Only last week there were threats of massive job cuts, but now the peso has stabilised and the business community feels far more confident
MANILA—The battered Philippine economy is poised for a modest recovery this year due to overflowing business confidence that greeted the ouster of the corrupt Estrada government and the entry of a competent administration led by President Gloria Arroyo, officials and businessmen said.
Reflecting the business community's optimism, owners of big manufacturing companies announced earlier this week that they will forgo plans to lay off some 100,000 workers, which would have included a slowdown in production.
Business tycoon Raul Concepcion, head of the Federation of Philippine Industries, a grouping of 80 big manufacturing companies, said the complete turnaround of business mood led them to rethink the planned retrenchment.
They expect the economy to perk up this year with the entry of more investors now that the political question has been settled, he said.
The new government, energised by infectious business confidence, upgraded its domestic growth forecast for the year to between 3.8 and 4.3 per cent. The ousted Estrada administration had previously forecast growth at between 3 and 3.5 per cent.
New Economic Planning Secretary Dante Canlas said the
growth target is underpinned by renewed business confidence which we
are already seeing with the improvement of the reduced volatility of
the peso-dollar exchange rate.
The local currency's value against the US dollar had stabilised at 48 pesos immediately following Mrs Arroyo's move into office after months of turbulent or wild swings that reached as high as 56 pesos.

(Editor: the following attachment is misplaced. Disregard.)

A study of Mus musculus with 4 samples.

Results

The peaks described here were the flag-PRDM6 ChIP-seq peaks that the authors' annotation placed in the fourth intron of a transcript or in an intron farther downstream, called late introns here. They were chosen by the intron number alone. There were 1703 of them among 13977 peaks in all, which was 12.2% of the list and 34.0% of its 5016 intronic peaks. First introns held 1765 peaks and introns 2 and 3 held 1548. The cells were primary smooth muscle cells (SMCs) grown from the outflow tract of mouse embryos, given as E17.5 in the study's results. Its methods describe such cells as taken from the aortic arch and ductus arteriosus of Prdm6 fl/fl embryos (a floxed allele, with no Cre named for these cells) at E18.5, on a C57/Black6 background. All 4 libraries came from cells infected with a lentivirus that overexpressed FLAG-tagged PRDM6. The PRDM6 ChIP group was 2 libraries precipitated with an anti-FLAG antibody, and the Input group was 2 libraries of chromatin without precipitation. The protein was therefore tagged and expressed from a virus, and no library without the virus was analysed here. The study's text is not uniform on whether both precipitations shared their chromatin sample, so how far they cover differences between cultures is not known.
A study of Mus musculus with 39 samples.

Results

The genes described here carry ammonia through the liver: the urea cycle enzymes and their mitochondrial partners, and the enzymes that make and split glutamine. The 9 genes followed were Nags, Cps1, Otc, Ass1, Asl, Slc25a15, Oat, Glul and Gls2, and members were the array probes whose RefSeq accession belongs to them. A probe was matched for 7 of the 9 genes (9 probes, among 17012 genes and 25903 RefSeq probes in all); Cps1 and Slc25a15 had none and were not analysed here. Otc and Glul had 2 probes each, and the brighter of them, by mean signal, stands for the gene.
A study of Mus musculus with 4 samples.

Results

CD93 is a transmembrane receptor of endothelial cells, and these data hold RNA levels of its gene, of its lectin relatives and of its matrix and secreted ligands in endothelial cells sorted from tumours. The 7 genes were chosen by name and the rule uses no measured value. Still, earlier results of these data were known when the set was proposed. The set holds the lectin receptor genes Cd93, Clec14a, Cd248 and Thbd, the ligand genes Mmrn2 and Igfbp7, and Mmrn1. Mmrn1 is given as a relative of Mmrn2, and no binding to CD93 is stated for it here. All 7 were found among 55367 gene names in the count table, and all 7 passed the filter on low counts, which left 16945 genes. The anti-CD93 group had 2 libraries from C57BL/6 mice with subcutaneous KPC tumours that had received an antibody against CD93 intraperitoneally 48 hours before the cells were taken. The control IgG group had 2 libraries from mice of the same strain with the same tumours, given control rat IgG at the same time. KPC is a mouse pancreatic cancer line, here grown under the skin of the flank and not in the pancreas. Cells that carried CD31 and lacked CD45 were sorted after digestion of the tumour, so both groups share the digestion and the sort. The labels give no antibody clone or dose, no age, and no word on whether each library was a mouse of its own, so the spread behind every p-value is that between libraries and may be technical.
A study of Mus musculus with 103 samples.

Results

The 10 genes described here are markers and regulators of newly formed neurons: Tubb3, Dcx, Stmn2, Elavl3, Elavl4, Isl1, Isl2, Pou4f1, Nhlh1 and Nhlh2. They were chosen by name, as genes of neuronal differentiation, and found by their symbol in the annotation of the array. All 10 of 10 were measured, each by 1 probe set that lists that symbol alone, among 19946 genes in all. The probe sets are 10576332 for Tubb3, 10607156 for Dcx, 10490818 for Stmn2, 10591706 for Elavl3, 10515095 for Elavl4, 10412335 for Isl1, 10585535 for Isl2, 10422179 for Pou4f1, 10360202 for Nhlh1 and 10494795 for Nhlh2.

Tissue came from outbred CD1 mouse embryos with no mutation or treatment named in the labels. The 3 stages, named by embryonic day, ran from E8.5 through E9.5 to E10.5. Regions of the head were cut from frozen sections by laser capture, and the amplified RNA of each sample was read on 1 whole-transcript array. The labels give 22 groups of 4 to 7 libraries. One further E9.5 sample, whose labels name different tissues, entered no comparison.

Only last month, widespread pessimism wrapped the business community due to the political uncertainties brought about by the corruption trial of impeached President Joseph Estrada.
Employers then warned of massive job cuts due to a standstill in the manufacturing sector resulting from low consumer demand. But all that had changed in little over a week.
Now there is hope, there is a chance for a turnaround and the
economy might see a recovery within the year, said Mr Guillermo
Luz, executive director of the Makati Business Club, a grouping of
captains of industry.
Last year everything was bleak because of the loss of confidence
and there was almost no hope, no faith, no expectations of change,
Mr Luz stressed.
The signs are indeed upbeat.
Portfolio investments or the so-called
hot money also started
to trickle in as reflected by the positive US$15.6 million (S$27
million) net inflow recorded for the month of January, the Central
Official data released by the Central Bank showed a reversal in capital pullout experienced last December with a positive gross portfolio investment inflow of US$28.8 million. Portfolio investments outflow reached US$13.2 million.
But Mr Canlas warned that the economy faces lingering risks which will affect recovery, such as the possible return of the El Nino phenomenon.
Severe drought brought about by El Nino weather disturbances will certainly affect agricultural production which was projected to grow by 2.4 per cent, he said. The agricultural sector contributes about 30 per cent to growth.
Average inflation for the year was pegged at 6 to 7 per cent.
The new Economic Planning Secretary said the
weak spots in this
recovery that must be
addressed immediately include the
yawning budget deficit, high unemployment rate, and the fragile state
of sectors such as banking, construction, and property development.
Latest government data show that more than three million Filipinos were out of work last year.
The Estrada administration, Mr Canlas stressed,
left the finances
of the public sector in a very perilous state.
Nonetheless, the former economics professor said, restoration of investor confidence in the Philippines is a good starting point to start rebuilding the economy that was battered by mismanagement.